When we interviewed Uri Geller, it turned out that he had a gift for me. When I told him I had cancer, he gave me a suggestion: he said I should meditate every morning and visualize my brain healing. So, I started. How to go about this? I don’t know what the cancer might look like. I thought that I would visualize a healthy brain.
But that isn’t what came into my mind. Far from it, for some reason, a missing compact which I hadn’t seen in years was what floated into my mind’s eye. I figured, well, I tried for something big—healing—but I got something kind of silly instead.
As you know (or maybe you don’t) Uri is noted for causing things to materialize in odd ways. In one incident, he was having lunch at the Stanford Research Institute with our mutual friends Dr. Edgar Mitchell and Dr. Russell Targ, when he noticed something hard in his ice cream. He took it out, asking what it might be. Edgar thought it was vaguely familiar. Then, a few minutes later, they found another piece on the floor. When the two were fitted together, they turned out to be a tie clip that Edgar had lost years before.
Something similar once happened to Whitley. Many years ago, we had a small motorboat which we used on the Hudson River. He was tying it up one night when he fell into the water. When he surfaced, it turned out that he’d lost his glasses. They were old, with a badly repaired fret, so it wasn’t much more than an annoyance. He got new glasses a few days later and we forgot the incident.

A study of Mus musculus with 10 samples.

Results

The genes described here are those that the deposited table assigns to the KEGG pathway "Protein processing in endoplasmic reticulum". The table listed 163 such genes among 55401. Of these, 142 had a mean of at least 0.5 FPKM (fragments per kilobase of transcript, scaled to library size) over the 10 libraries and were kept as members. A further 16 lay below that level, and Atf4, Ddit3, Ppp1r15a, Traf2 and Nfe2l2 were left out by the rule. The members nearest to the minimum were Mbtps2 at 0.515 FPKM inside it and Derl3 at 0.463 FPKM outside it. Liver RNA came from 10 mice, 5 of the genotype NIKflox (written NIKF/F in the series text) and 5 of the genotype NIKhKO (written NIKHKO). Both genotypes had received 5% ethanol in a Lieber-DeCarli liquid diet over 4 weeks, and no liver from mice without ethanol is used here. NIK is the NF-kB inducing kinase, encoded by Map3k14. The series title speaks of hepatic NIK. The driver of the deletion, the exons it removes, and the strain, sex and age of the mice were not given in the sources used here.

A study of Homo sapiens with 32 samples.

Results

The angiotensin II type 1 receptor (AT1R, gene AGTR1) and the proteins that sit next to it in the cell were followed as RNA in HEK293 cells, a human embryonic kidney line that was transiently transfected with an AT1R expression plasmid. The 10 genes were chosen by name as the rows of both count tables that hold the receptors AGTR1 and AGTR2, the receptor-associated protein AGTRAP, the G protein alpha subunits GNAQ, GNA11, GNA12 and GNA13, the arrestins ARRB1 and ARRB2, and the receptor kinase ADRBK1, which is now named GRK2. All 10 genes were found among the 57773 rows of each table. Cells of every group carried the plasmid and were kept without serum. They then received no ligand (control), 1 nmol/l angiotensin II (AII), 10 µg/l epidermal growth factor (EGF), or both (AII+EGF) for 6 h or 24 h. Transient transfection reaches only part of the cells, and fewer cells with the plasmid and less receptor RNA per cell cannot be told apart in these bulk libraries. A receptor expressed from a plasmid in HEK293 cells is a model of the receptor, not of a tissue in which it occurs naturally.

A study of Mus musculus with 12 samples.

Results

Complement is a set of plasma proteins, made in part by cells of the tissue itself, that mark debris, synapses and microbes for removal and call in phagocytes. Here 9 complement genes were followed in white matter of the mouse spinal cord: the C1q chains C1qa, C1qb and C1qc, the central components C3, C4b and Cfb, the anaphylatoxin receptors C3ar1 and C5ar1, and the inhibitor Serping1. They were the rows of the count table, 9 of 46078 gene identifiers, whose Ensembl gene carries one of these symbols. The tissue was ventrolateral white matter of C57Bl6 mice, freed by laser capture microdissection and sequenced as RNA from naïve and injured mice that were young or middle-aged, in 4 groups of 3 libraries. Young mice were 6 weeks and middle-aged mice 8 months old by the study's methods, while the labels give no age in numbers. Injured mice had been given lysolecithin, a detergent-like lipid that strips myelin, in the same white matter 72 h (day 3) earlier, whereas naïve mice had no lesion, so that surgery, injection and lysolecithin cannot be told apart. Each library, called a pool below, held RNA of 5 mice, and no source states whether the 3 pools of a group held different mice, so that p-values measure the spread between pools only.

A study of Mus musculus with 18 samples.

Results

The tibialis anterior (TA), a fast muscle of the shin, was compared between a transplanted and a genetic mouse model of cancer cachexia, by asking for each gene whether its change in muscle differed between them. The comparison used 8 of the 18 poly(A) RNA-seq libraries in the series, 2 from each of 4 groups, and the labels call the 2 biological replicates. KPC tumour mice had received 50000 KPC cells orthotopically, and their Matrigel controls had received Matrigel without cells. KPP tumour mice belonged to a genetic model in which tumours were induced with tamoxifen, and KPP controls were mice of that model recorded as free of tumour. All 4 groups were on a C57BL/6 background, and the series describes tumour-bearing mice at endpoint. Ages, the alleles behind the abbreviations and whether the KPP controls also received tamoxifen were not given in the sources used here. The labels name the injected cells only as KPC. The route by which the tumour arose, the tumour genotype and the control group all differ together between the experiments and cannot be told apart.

One morning a couple of years later, we woke up in our apartment in New York City, and there were the glasses lying on his bedside table, complete with badly-repaired fret.
What this sort of thing may mean I don’t know, but I do know that things like this occasionally happen to people—and often when they are around Uri.
I went into the bathroom to get dressed. I opened a drawer and there, incredibly, was the compact I had just been visualizing! I open that drawer every day and so does Whitley, and the compact was absolutely not in it. Not for years. But there it was, and here it is right now in my hand.
Now, where do I take this? It’s as if the reappearance of the compact has told me that there is real power in visualization. I intend to keep meditating and visualizing, and see where I can go with it. So, thanks, Uri!
Some people are capable of real magic, it's that simple. In fact, when we had the Huffington Post's Weird News editor Lee Spiegel on in 2011, he told an amazing story about Doug Henning, who had learned some real magic just before he died. Subscribers can listen to that show by clicking here.